EM Preview for the Week Ahead


Looking at country-specific EM risk, the Brazilian political outlook remains murky as more reports have surfaced of other PMDB officials being implicated in potential corruption cover-up. We get our first glimpse of the Chinese economy in May with PMI readings, both official and Caixin. Negative impact may be muted by China’s Ministry of Finance suggesting last week that there is more room for stimulus.

Chile reports April manufacturing production and retail sales Monday. The former is expected at -0.3% y/y, while the latter is expected to rise 4.5% y/y. Copper could not sustain its recent recovery, and so the economic outlook remains cloudy. Central bank minutes will be released Wednesday. Next policy meeting is June 16. We think the easing cycle has pretty much ended, with the bank on hold since its last 25 bp hike back in December. Inflation continues to fall and should move back in the 2-4% target range soon.

Korea reports April IP Tuesday, which is expected at -0.9% y/y vs. -1.5% in March. BOK also releases minutes Tuesday. Korea then reports May CPI Wednesday, which is expected to rise 0.9% y/y vs. 1.0% in April. It also reports April current account and May trade data Wednesday. Exports are expected at -1.4% y/y vs. -11.2% in April. Growth remains sluggish, even as inflation remains well below the 2.5-3.5% target range. Next BOK meeting is June 9. No move is seen then, but we think it will tilt more dovish in H2 if the economy continues to slow.

Thailand reports April manufacturing output Tuesday, which is expected to rise 0.5% y/y vs. 1.8% in March. It then reports April CPI, trade, and current account Wednesday. Inflation is seen at 0.3% y/y vs. 0.1% in March. This is well below the 2.5% target as well as the 1-4% target range. Yet the BOT is still relying on fiscal stimulus to boost the economy. Next BOT meeting is June 22, no move seen then.

South Africa reports April money and loan growth, trade Tuesday. Both are expected to slow as the SARB rate hikes are having an impact. Real money and loan growth is slowing even more.  Next SARB meeting is July 21, and a lot can happen between now and then. We think the decision to stand pat in May was a pause, not the end of the tightening cycle.

Turkey reports April trade Tuesday, which is expected at -$4.2 bln. It then reports May CPI Friday, which is expected to rise 6.7% y/y vs. 6.6% in April. Inflation finally fell back into the 3-7% target range in April, at 6.6% y/y. This has allowed the central bank to continue narrowing the rates corridor, but it has so far refrained from cutting the benchmark rate. Next policy meeting is June 21, and another cut in the overnight lending rate is likely. A cut in the benchmark rate is likely in the coming months.

Poland reports May CPI Tuesday, which is expected at -0.9% y/y vs. -1.1% in April. Deflation remains persistent, but the new MPC does not seem to be in a hurry to cut rates again. Next policy meeting is June 8, and no change is seen. Incoming Governor Glapinski also seems to prefer steady policy for now. However, if the economy slows in H2, we think easing will back on the table.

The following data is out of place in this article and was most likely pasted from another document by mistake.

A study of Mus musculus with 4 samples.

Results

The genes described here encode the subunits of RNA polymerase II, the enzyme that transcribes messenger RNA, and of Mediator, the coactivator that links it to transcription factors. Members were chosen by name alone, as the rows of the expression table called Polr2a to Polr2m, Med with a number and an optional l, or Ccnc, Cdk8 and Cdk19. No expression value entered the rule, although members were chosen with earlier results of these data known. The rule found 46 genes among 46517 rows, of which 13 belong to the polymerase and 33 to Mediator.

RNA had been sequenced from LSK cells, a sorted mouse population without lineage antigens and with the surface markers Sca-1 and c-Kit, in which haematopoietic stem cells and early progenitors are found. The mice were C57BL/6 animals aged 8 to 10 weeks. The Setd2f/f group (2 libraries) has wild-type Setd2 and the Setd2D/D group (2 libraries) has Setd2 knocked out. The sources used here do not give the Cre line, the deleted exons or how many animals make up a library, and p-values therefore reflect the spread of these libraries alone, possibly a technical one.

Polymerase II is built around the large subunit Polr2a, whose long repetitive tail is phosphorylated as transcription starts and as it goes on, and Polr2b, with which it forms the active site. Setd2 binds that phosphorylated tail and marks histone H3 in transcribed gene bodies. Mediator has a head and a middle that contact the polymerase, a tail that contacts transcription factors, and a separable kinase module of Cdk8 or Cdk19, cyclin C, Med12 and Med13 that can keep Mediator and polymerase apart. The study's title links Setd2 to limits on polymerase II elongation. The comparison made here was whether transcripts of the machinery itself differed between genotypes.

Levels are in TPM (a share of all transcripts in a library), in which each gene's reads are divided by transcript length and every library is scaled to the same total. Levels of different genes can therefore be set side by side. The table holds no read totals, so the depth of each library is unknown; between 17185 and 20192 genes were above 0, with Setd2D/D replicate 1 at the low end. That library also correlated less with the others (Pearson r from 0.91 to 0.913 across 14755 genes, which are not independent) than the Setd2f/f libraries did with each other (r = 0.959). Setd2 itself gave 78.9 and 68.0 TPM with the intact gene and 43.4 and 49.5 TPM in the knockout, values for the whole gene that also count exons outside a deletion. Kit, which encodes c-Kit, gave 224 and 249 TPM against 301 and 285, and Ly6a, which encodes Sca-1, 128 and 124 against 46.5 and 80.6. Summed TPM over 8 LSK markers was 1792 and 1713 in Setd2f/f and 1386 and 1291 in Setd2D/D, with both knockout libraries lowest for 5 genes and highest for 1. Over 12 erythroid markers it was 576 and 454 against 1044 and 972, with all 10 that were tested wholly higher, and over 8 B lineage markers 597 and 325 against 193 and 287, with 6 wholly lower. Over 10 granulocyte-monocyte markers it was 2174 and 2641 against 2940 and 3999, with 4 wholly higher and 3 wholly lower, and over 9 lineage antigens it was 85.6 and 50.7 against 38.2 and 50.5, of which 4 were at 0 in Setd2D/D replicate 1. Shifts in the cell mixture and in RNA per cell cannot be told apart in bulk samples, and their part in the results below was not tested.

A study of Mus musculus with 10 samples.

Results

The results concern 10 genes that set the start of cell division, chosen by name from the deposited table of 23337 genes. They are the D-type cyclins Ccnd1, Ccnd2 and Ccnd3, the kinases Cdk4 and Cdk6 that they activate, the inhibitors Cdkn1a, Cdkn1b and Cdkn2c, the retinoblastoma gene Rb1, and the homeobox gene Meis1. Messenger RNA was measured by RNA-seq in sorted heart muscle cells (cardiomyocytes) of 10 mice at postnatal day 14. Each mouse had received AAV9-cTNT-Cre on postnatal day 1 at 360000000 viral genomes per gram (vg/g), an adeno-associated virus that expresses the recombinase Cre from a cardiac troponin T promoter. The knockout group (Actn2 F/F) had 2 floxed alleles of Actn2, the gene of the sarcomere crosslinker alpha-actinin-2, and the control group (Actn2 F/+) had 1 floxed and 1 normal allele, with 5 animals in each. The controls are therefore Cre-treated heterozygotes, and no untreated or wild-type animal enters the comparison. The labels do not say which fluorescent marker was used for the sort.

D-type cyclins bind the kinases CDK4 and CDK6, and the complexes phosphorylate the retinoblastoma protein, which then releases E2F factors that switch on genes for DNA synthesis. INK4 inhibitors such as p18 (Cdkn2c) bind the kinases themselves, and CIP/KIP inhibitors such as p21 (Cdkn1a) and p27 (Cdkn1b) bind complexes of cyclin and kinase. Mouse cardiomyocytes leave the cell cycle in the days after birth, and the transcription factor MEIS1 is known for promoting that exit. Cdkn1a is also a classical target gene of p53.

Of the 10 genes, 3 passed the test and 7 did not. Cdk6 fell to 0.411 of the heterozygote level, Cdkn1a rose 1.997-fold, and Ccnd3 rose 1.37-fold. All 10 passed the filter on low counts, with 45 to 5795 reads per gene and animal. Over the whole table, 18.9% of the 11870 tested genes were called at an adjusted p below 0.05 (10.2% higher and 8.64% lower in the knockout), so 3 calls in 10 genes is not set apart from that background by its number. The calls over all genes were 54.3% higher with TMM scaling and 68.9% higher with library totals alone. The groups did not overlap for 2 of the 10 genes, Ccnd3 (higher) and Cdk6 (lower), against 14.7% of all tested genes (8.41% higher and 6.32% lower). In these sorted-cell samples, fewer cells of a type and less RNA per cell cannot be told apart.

India reports Q1 GDP Tuesday, which is expected to grow 7.5% y/y vs. 7.3% in Q4. The growth outlook remains solid. Price pressures have come in higher than expected recently, and so the RBI easing cycle may be on hold for now. Next policy meeting is June 7, no move is expected then.

Brazil reports April PPI and budget data Tuesday. It then reports Q1 GDP Wednesday, which is expected at -5.8% y/y vs. -5.9% in Q4. May trade will also be reported Wednesday, followed by April IP Thursday (expected at -8.5% y/y vs. -11.4% in March). The ongoing recession has really taken a toll on the budget data, with incoming Finance Minister Meirelles saying the fiscal situation was much worse than he thought.

China reports official May PMI readings Wednesday. Manufacturing PMI is seen at 50.0 vs. 50.1 in April. That same day, Caixin reports its manufacturing PMI for May. It is expected at 49.2 vs. 49.4 in April. The economy continues to soften, and the Ministry of Finance said last week that the government still has room to borrow more to finance investment and construction that would boost growth.

Indonesia reports May CPI Wednesday, which rose 3.6% y/y in April. Bank Indonesia is moving to a new policy rate in August. While it seemed like policy was on hold until that shift occurs, official comments after last week’s policy meeting suggest easing could come earlier. Next meeting is June 16, and a dovish surprise is possible then.

Mexico reports May PMI on Wednesday. The real sector data have been coming in on the soft side recently. Indeed, Banco de Mexico downgraded its 2017 growth forecast to 2.3-3.3% from 2.5-3.5% previously. Inflation remains below target, and so we downplay talk of imminent rate hikes. Governor Carstens said that the bank hopes to make policy decisions within the normal meeting calendar, which we think raised the bar on intra-meeting moves.

Malaysia reports April trade Friday. The recovery in oil prices is positive for the economic outlook, but the non-oil economy remains a bit sluggish. Next policy meeting isn’t until July 13, and no change is expected. Political risk is likely to command the most attention from investors, as the recent moves by Swiss and Singaporean authorities suggest overseas investigations of 1MDB are likely to uncover more wrongdoing.

Colombia reports Q1 GDP and April exports Friday. GDP is expected at 2.8% y/y vs. 3.3% in Q4. Growth is forecast by the IMF to grow 2.5% in 2016 and 3.0% in 2017. Given higher oil prices, we see upside risks to the growth forecasts. On Friday, the central bank hiked rates 25 bp to 7.25%, as expected.